Following the loss to N.C. State in the ACC Tournament quarterfinals on Friday, Virginia coach Tony Bennett jokingly compared his team’s NCAA Tournament resume to the gray-bearded fella on the commercial for Dos Equis beer.
“We’re the Dos Equis bubble team,” Bennett said. “We’re the most interesting bubble team in the world.”
Sunday night, Virginia will find out if being interesting translates into its second straight trip to the Big Dance.
The Cavaliers (21-11), seeking an at-large tournament bid, have mystified bracketologists with their combination of good wins and bad losses this season.
As of Saturday night, ESPN’s Joe Lunardi had Virginia as one of his last four teams out of the tournament, though Maryland’s loss to North Carolina in the ACC Tournament semifinals earlier in the day seemed to benefit UVa. The Terrapins had been hoping to “steal” an NCAA bid, but now figure to have an uphill climb given their two regular-season losses to Virginia.
If UVa managed to squeak in, it could very well be sent to Dayton, Ohio for one of the opening round play-in games, known as the First Four.
The general feeling is that UVa, losers of five of its last eight games, could be headed to the NIT, but with the landscape changing by the hour, there’s no way to predict what will happen with any certainty.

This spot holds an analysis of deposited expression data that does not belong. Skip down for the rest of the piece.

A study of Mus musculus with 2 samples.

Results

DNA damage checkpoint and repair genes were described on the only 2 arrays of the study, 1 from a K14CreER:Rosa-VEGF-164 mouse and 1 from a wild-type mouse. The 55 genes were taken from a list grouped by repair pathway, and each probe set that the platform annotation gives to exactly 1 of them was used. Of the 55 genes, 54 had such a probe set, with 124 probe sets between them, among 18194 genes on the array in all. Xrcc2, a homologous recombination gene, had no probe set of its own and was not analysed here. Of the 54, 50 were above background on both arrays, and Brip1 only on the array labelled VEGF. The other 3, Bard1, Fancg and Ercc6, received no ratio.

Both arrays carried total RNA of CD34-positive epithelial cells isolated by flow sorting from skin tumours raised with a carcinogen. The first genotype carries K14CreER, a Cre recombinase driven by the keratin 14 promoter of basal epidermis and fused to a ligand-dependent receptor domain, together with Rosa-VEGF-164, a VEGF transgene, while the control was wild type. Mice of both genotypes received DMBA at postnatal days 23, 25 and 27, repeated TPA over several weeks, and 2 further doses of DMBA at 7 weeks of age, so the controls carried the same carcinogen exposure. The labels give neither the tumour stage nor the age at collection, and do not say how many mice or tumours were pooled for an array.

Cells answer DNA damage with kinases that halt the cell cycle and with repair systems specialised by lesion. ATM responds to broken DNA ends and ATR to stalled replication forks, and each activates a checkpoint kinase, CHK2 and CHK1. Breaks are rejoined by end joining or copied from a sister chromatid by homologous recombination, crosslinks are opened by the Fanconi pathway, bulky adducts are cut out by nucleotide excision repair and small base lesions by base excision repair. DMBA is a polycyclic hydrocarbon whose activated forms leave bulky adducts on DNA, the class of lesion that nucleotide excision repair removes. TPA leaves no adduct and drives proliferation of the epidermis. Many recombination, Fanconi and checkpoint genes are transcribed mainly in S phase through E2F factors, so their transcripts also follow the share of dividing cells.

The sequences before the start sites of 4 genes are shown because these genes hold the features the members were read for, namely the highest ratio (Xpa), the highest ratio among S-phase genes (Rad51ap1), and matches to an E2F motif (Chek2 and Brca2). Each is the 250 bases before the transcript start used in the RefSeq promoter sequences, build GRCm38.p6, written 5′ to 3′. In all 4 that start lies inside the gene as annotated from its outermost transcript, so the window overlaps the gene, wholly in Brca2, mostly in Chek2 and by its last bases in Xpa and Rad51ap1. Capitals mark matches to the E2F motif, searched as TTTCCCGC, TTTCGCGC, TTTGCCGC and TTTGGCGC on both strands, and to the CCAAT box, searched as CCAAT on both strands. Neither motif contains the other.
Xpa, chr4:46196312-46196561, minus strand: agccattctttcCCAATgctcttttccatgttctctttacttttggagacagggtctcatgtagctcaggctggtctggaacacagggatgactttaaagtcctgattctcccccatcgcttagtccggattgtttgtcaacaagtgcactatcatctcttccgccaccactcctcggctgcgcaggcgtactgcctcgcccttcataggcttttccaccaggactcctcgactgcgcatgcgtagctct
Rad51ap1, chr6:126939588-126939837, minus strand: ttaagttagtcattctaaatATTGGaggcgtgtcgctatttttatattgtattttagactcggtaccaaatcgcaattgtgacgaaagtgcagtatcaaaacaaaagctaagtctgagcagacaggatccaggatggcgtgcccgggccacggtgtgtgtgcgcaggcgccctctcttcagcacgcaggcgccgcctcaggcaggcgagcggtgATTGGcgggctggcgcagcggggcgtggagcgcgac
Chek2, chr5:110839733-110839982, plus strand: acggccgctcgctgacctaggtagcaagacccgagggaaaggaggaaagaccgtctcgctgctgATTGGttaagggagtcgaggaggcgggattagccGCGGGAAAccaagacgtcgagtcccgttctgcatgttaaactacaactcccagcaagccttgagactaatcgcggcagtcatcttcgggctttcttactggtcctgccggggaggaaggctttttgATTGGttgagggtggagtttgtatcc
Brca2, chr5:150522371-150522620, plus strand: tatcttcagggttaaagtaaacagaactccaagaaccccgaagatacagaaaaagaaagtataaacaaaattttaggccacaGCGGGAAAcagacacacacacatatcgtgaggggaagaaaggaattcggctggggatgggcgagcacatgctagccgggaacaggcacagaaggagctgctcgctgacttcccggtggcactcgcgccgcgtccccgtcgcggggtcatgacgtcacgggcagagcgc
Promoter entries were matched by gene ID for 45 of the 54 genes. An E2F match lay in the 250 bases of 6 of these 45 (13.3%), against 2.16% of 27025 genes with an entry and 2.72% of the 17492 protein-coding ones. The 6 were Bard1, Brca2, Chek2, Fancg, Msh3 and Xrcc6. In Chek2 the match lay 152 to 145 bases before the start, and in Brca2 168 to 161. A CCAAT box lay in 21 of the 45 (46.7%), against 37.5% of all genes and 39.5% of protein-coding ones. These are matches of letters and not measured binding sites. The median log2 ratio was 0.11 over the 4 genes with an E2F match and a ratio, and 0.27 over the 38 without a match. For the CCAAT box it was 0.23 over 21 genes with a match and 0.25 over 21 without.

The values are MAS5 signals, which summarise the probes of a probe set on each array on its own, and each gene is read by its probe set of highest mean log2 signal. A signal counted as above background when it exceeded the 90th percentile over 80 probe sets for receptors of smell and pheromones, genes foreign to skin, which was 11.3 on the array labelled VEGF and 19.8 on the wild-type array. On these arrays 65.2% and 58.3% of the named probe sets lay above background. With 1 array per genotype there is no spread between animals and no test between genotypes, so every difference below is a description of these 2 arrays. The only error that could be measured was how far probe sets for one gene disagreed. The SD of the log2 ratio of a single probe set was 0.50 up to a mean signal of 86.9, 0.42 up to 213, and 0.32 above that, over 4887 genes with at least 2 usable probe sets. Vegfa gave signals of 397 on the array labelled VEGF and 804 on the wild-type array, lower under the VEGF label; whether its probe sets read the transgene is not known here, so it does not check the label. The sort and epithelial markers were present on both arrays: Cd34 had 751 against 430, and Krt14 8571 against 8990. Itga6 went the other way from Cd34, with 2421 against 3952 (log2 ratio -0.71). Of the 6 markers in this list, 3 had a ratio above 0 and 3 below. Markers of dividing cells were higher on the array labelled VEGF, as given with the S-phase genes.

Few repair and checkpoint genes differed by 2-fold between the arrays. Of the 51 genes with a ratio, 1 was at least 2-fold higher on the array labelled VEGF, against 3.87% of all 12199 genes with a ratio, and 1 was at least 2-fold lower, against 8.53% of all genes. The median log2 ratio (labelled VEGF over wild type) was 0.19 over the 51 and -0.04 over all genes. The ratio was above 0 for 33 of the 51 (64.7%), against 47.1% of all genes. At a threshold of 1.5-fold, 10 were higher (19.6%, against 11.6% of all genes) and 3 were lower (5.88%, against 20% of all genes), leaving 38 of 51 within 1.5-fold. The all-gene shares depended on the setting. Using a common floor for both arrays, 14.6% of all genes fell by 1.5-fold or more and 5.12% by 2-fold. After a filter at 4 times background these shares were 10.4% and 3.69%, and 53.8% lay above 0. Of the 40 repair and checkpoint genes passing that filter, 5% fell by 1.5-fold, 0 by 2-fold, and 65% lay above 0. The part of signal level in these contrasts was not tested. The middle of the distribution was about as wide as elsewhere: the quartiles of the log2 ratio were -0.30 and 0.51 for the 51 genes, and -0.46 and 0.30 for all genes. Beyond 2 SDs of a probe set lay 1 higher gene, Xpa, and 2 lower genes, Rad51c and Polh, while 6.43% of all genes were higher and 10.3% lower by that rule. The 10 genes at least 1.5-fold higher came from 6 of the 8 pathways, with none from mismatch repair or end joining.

Virginia’s last appearance in the NIT came during the 2005-06 season when Dave Leitao was coach.
UVa could host a game on Tuesday or Wednesday night at John Paul Jones Arena. Richmond, which lost in bizarre fashion to Charlotte in the first round of the Atlantic 10 Tournament, has been rumored as a potential opponent.
The semifinals of the NIT are held at Madison Square Garden in New York City on April 2, with the championship two days later. Virginia would have to win three games to make it there.
If the Cavaliers did get to the Big Apple, it would be an ironic ending to the season. Back in November, they were expecting to play in the preseason NIT at the Garden, but lost at home to Delaware. The defeat was an absolute killer from an RPI and strength-of-schedule standpoint and has helped put UVa in its present predicament as “the most interesting bubble team in the world.”